Sunday evening may have been the first time some people had heard the name Shaun Tan—when his animated short “The Lost Thing” won an Oscar—but those of us who are fans of Tan rejoiced to see his work recognized. And this month we have another reason to celebrate as well: The Lost Thing, the picture book on which the short was based, is finally widely available in the U.S. Lost & Found is a collection of three of Tan’s picture books—The Red Tree, The Lost Thing and The Rabbits—and it hits store shelves in March.
Plus, we have five copies of Lost & Found to give away to our readers courtesy of Scholastic, Inc., so keep reading to find out how to win!
The very first time I came across Shaun Tan was in Spectrum 8, a collection of science fiction and fantasy artwork. I was intrigued by the illustration, particularly because it came from a children’s book, and made a note to look him up. I ended up purchasing The Red Tree when I came across it in 2003, but it took me another three years before I finally tracked down a copy of The Lost Thing (at the library, after we moved to Portland). It was beautiful and gorgeous, about a kid who finds the titular lost thing and tries to figure out where it belongs. But I was unable to find a copy anywhere to actually purchase. I’d never found it in any bookstores, and the only copies I could track down on Amazon were selling for upwards of a hundred bucks—a bit out of my price range. So I’m extremely delighted about the arrival of Lost & Found and I highly recommend it.
I mentioned the first book, The Red Tree, in my Stories About Girls post—it’s a moody book about a girl who is having a rough day. There is hope at the end, but the book contains some remarkably gloomy artwork, gorgeous and intense.
The Lost Thing comes off as something of a fable. A boy discovers on the beach a huge metallic contraption with tentacles, and tries to figure out where it belongs. But unlike a fable, the story ends without a moral—at least according to the narrator. Really, though, the story is about noticing the things that other people don’t notice and not becoming so busy that you can’t see them. It’s not as gloomy as The Red Tree and kids will get a kick out of the huge oddly-shaped thing that follows the boy around.
The Rabbits is a picture book that may or may not be for kids. This one was written by John Marsden with illustrations by Tan—and since they are both Australians, this story does not depict rabbits as cute, fluffy bunnies. In fact, this may be the most terrifying depiction of rabbits I’ve seen in a picture book. The rabbits arrive in their ships, pushing out the natives (marsupial-looking creatures) and exploiting the land and its resources. It’s pretty easy to see the parallel drawn between the rabbits and Europeans upon their arrival in Australia, and the story doesn’t end on a happy note. It’s a pretty bleak forecast but the illustrations are mesmerizing and the text is thought-provoking.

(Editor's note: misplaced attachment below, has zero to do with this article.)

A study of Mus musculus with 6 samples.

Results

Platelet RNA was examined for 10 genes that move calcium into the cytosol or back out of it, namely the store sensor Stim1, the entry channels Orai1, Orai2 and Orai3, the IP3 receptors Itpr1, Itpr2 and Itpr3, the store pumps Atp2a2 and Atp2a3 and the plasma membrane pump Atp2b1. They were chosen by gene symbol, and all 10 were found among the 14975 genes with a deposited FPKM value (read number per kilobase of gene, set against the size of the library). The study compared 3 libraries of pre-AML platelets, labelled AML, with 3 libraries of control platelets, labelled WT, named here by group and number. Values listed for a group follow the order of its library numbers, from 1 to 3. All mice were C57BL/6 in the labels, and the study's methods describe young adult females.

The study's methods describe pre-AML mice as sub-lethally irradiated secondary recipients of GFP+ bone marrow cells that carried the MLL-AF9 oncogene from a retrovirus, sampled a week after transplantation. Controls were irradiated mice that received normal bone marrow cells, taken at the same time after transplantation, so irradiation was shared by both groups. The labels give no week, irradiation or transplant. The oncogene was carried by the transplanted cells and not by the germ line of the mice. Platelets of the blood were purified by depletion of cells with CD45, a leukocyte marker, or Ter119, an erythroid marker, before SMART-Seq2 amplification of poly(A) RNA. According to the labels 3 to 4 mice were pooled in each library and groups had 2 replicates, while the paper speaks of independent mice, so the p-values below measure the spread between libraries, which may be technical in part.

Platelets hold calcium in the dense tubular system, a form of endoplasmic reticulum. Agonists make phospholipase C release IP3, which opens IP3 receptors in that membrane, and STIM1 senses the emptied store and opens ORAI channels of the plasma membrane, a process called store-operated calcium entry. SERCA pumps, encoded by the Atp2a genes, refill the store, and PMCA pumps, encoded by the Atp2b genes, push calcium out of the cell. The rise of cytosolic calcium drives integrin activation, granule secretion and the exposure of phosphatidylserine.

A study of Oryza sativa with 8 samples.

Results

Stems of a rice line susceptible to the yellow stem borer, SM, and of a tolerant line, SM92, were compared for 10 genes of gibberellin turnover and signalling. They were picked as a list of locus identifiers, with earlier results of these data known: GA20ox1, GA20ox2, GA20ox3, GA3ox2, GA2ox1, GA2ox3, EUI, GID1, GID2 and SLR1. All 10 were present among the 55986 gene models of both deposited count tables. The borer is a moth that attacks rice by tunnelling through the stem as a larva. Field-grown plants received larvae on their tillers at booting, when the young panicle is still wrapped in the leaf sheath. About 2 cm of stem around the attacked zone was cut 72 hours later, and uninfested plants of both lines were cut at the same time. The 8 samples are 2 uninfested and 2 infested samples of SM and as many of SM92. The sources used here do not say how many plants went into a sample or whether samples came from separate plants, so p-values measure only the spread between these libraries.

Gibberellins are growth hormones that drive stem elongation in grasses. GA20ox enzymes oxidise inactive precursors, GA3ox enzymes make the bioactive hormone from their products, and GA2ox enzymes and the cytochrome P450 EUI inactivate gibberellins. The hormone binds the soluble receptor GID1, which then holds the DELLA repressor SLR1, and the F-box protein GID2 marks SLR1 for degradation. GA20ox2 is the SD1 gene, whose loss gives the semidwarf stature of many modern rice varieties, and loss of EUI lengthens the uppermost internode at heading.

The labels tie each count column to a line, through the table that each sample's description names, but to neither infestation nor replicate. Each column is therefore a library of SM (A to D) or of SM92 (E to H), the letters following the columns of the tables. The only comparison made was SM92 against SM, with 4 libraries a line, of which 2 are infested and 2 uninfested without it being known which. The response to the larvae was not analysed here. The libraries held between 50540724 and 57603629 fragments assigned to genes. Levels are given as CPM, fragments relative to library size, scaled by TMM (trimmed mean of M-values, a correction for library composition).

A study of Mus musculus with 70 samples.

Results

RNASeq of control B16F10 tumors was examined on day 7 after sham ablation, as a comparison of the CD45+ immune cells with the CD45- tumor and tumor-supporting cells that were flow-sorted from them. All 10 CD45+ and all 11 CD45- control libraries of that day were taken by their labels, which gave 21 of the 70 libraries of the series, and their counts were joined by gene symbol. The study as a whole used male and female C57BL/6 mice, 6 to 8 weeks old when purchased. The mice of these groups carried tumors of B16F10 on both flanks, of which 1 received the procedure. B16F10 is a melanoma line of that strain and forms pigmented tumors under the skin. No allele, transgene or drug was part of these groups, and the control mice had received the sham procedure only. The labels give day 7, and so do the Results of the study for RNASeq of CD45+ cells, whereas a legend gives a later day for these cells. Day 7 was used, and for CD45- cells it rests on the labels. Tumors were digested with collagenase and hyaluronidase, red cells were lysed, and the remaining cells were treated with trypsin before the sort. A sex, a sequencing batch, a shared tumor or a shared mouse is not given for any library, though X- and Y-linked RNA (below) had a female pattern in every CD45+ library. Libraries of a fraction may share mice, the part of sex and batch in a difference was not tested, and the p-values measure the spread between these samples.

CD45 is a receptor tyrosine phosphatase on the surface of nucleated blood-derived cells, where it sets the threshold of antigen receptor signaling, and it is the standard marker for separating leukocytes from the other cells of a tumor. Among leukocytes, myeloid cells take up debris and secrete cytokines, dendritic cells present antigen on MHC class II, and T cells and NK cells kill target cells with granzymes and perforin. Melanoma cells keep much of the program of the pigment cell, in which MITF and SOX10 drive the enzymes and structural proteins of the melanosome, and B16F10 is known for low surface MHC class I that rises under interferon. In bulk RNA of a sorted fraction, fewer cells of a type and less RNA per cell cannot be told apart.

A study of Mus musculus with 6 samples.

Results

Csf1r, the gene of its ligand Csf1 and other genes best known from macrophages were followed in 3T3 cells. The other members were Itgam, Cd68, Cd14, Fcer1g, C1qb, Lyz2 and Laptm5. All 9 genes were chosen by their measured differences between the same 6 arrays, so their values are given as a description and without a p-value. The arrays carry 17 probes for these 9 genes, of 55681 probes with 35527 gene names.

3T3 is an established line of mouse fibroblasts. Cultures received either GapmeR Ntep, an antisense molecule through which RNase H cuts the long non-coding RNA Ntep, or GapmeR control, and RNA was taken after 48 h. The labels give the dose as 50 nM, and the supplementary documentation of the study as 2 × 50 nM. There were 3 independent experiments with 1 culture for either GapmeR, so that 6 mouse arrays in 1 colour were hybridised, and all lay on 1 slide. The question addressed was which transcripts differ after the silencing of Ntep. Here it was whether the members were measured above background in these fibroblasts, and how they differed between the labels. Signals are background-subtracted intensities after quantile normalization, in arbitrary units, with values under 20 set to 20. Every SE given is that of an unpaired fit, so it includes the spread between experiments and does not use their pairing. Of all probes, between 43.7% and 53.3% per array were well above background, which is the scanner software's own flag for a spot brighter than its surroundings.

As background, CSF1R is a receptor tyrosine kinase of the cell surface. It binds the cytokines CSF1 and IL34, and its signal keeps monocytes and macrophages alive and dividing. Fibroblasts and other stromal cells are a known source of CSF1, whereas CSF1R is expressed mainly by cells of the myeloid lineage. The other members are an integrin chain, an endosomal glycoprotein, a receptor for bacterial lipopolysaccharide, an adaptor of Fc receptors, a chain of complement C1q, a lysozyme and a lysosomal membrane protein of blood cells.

If you haven’t experienced Shaun Tan’s artwork yet, Lost & Found is a great introduction to three fantastic picture books. I also highly recommend The Arrival, a wordless graphic novel about immigration which I mentioned in my “7 Comics Off the Beaten Path.” Just today I was showing it to a friend of mine and while flipping through the pages I fell in love with the book all over again. Finally, the animated short (which I haven’t seen yet) is available on DVD here, though I’m not sure how much shipping from Australia will cost you. Fortunately the DVD is for all regions so you’ll be able to watch it on any DVD player; but I may wait until it’s available Stateside before buying a copy for myself.
Like what you see? Leave a comment below by 11:59pm (EST) on Friday, March 4, and you’ll be entered to win one of five copies of Lost & Found that Scholastic is generously providing. We’ll announce the winners next week! (U.S. & Canada residents only, sorry.)
UPDATE: I was just informed that I was looking in the wrong places for the animated short—The Lost Thing is also available from iTunes for $1.99, for those of you who don’t want to pay for shipping from Down Under. I’m buying mine now!
Disclosure: Scholastic provided a review copy of Lost & Found.